We live in a confusing time – where opinion-dominated social media and sophisticated marketing tactics overshadow seemingly outdated virtues like reason and fact.
Fear, it seems, is only ever a click or a swipe away – we literally hold it in the palms of our hands.
While most of the world is still struggling with rising death tolls from COVID and people in those countries queue dutifully for their chance to be vaccinated, in Australia many debate the merits of whether or not we should get our jab.
Red meat, once the go-to food source for almost all of a person’s vitamins and minerals (still completely healthy by the way), is now demonised in some circles by people who get their breakfast from a box.
And science, previously independent, previously peer-reviewed and replicable, once evidence-based, has fallen into the same trap.
Consider the 2017 Reef Scientific Consensus Statement, developed by a panel of 48 ‘experts’, as exhibit A.
The State Government defends this Statement as the basis for the raft of current reef regulations causing many producers from family-operated farming businesses to consider their futures.
But in the years since it was compiled it has been superseded by new, published, and peer-reviewed reef science.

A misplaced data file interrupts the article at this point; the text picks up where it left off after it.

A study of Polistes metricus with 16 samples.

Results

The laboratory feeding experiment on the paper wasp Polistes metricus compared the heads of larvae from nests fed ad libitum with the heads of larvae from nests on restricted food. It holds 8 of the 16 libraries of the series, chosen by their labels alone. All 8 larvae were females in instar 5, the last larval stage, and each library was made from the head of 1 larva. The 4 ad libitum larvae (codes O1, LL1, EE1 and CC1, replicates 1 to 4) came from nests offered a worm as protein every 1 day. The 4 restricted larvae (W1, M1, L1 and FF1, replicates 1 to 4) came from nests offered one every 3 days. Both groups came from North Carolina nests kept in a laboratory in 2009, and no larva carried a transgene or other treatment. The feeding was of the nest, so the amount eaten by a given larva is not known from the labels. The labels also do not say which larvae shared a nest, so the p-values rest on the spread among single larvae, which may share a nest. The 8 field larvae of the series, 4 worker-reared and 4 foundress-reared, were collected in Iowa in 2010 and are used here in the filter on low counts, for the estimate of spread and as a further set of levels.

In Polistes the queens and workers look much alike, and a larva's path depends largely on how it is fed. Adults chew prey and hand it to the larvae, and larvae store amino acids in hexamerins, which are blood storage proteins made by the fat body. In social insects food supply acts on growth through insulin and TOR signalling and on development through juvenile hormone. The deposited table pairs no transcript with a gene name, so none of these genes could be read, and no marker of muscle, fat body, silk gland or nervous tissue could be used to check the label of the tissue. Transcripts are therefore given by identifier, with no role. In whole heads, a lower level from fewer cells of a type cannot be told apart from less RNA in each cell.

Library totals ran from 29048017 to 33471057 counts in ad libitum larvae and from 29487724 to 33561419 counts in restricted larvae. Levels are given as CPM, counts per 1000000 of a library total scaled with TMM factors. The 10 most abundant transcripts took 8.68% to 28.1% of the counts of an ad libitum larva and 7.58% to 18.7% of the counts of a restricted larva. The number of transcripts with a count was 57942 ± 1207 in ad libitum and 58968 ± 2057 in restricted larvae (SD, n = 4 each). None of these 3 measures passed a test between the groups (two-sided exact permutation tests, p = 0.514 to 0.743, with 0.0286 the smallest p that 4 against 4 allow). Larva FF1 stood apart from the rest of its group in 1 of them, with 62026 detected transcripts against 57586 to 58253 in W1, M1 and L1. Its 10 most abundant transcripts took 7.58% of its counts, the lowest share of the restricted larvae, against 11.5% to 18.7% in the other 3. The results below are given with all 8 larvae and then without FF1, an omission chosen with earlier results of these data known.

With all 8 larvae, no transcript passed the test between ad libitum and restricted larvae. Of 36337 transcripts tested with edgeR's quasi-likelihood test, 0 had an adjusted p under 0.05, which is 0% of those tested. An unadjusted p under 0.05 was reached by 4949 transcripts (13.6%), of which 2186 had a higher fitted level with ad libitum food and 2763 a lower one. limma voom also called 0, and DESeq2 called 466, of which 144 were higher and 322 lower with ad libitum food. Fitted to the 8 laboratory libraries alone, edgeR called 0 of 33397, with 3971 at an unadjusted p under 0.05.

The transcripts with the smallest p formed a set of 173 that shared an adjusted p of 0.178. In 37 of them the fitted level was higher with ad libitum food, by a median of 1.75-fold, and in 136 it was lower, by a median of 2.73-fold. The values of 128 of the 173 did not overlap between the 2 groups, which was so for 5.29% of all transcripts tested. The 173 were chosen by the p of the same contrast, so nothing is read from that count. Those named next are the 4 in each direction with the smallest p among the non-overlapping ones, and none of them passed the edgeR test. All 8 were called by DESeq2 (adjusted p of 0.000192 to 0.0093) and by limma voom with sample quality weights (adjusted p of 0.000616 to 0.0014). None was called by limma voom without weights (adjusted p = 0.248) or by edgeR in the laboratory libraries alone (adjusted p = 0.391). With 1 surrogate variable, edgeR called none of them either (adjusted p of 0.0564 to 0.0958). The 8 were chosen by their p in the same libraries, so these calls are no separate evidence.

Not peer-reviewed by friends and colleagues close to them, as the Consensus Statement at the time was to support the views of the gang of 48 – most of whom were dependent on Reef funding for their jobs – but reviewed by independent scientists, meaning it is actually valid.
This is why AgForce is so hellbent on getting an Office of Science Quality Assurance up and running – to validate the authenticity of ALL science, not only that related to the Reef.
When you have credible science that tells one story and an outdated Consensus Statement that tells another, how can any government justify imposing crippling regulation on farmers living in Reef catchments?
Farmers who, to use State Minister for the Environment and Great Barrier Reef Meaghan Scanlon’s own words, “… (have) moved away from using practices that pose a high risk to water quality.”
An Office of Science Quality Assurance would allow us to approach something resembling truth, as well as increase confidence for everyone that we are protecting the Reef while growing industries along the coast, supporting communities, and giving young people confidence to enter the agriculture industry to make what is in many cases a 40-year-long commitment.
No-one should fear an independent audit. If the science is good, it will be credible, it will be replicable, and it will stand up to any level of scrutiny.
Speaking of independence, it would be remiss of me not to mention Reef Scientist Dr Peter Ridd’s case that went to the High Court of Australia last week.
Dr Ridd was sacked by James Cook University in 2018 for speaking out against what he saw as colleagues’ “unreliable research”.
There have been three court applications since – including a win for Dr Ridd for being unlawfully terminated, and an appeal to that decision by JCU that was upheld.
While the outcome of this final hearing won’t be known for some months, we hope – as does everyone who values evidence-based science over the politically-motivated, funding-based kind – that the judgement comes down in Dr Ridd’s favour.